Ideas for Group Discussions
Sources for Further Study
Fiedler, Leslie. “No! in Thunder.” In The Novel: Modern Essays in Criticism, edited by Robert Murray Davis. Englewood Cliffs, N.J.: Prentice-Hall, 1969. In discussing authors from his point of view that “art is essentially a moral activity,” the controversial Fiedler accuses Hersey of being the author of “The Sentimental Liberal Protest Novel” who fights for “slots on the lists of best sellers” with his “ersatz morality.” The essay makes for lively reading at best.
Gutman, Israel. Resistance: The Warsaw Ghetto Uprising. Boston: Houghton Mifflin, 1994.
Huse, Nancy L. The Survival Tales of John Hersey. New York: Whitston, 1983. An eminently readable and informed study on Hersey that is useful in understanding the scope and development of Hersey as a writer. Explores the relationship between art and moral or political intentions. Includes extensive notes and a bibliography.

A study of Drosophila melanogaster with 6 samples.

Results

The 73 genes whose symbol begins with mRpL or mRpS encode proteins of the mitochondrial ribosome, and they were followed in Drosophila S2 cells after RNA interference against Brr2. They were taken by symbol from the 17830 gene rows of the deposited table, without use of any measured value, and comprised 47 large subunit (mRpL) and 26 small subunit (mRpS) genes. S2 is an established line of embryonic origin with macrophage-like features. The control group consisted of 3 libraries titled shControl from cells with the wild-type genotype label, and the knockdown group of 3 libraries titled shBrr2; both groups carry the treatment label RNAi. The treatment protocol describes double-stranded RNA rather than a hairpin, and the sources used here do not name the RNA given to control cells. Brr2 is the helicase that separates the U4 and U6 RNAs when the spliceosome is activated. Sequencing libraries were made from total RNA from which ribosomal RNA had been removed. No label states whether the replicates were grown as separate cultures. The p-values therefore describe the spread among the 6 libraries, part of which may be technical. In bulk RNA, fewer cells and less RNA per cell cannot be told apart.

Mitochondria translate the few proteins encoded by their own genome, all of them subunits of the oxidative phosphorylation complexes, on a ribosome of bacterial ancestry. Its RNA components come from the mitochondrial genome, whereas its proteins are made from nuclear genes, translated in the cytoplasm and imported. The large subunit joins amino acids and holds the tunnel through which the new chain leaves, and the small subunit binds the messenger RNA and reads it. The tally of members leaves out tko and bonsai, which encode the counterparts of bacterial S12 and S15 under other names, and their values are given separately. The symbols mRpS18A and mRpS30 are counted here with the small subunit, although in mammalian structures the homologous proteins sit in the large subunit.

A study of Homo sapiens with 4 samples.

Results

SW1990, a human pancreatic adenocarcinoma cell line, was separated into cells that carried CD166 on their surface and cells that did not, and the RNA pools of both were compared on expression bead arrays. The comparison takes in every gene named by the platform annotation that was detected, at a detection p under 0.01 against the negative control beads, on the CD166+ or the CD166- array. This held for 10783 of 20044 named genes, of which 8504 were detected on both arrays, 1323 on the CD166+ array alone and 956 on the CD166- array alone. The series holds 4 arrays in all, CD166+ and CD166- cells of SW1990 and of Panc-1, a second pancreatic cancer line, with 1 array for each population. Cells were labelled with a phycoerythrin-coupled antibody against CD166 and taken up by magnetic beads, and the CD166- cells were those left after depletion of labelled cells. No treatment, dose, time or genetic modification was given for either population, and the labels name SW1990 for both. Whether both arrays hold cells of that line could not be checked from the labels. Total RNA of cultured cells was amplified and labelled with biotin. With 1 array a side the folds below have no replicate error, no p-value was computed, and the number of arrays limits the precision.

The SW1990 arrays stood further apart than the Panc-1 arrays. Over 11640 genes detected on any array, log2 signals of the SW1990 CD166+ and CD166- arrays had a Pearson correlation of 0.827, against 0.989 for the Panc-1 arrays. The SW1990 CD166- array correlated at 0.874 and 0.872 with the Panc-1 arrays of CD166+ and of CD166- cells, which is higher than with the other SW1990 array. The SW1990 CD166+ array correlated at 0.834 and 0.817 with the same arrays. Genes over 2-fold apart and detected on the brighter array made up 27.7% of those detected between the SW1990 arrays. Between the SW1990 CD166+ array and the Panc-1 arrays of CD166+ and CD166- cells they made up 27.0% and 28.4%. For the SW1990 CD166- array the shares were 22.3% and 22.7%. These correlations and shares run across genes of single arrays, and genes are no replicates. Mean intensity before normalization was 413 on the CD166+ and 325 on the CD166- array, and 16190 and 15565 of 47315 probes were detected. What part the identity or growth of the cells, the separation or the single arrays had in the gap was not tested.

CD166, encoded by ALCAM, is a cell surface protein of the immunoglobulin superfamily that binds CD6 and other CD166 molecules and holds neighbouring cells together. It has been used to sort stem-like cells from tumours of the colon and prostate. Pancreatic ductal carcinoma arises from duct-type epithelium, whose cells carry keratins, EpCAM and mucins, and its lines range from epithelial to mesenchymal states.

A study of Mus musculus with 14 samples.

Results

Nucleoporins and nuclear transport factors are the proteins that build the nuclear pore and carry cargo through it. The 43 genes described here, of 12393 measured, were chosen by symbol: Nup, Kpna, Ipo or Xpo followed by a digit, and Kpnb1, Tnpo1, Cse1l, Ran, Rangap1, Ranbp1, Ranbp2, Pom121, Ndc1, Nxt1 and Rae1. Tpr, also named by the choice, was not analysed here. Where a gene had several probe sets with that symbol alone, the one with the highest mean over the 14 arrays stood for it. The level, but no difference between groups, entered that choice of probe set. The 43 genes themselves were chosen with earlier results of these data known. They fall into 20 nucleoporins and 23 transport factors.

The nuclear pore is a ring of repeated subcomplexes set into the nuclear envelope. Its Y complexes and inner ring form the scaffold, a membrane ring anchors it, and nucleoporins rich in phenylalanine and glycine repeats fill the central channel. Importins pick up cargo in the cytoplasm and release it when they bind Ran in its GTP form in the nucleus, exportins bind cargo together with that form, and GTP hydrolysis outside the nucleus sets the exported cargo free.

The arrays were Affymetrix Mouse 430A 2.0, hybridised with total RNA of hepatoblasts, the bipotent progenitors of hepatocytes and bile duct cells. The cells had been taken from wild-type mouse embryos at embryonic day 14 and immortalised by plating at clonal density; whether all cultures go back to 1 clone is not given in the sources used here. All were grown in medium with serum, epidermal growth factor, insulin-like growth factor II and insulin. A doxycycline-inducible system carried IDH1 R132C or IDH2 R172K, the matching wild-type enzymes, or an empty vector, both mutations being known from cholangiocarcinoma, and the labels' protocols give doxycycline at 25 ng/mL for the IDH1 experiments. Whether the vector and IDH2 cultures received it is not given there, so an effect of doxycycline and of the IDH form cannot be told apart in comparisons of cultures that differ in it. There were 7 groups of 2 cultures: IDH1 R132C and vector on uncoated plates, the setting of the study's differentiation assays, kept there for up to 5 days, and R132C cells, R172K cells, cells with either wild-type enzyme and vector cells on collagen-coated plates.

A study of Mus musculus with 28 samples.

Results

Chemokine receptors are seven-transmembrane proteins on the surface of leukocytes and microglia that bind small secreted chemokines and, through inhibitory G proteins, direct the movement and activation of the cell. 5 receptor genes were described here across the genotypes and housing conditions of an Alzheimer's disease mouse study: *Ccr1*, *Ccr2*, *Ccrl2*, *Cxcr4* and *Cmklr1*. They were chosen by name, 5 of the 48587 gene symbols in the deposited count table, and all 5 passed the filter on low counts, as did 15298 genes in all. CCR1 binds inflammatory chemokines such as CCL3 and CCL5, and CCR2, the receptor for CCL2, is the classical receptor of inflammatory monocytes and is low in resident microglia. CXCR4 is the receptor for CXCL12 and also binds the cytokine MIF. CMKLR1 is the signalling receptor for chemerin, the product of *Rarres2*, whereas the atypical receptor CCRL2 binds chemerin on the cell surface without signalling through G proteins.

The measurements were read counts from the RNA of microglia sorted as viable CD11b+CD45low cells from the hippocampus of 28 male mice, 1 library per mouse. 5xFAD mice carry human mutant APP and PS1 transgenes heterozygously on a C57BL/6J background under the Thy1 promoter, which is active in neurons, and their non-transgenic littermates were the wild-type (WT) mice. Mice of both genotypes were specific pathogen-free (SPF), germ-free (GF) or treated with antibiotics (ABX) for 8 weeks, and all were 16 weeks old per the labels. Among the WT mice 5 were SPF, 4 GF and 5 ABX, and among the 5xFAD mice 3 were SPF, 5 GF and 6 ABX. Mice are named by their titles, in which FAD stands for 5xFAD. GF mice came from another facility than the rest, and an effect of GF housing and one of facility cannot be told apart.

Kassow, Samuel D. Who Will Write Our History? Emanuel Ringelblum, the Warsaw Ghetto, and the Oyneg Shabes Archive. Bloomington: Indiana University Press, 2007.
Sanders, David. “John Hersey.” In Contemporary Novelists, edited by James Vinson. New York: St. Martin’s Press, 1982. Covers Hersey’s work from wartime journalist to novelist. Cites The Wall as his greatest novel and considers him the “least biographical of authors.” A rather dense study but helpful in quickly establishing themes in Hersey’s writings. A chronology and a bibliography are provided.
Sanders, David. John Hersey Revisited. Boston: Twayne, 1991. A revised edition of Sanders’s 1967 study. The first chapter introduces Hersey’s career as reporter and novelist, and subsequent chapters discuss his major fiction and nonfiction, including his later stories. Includes chronology, notes, and bibliography.
Sanders, David. “John Hersey: War Correspondent into Novelist.” In New Voices in American Studies, edited by Ray B. Browne, Donald M. Winkelman, and Allen Hayman. West Lafayette, Ind.: Purdue University Press, 1966. A well-known scholar on Hersey, Sanders defends him and insists that he should not be dismissed because of his popularity. Traces Hersey’s origins as a war correspondent and the writings that emerged from these experiences. Finally, Sanders settles the dispute as to whether Hersey is a novelist and hails him as a “writer.”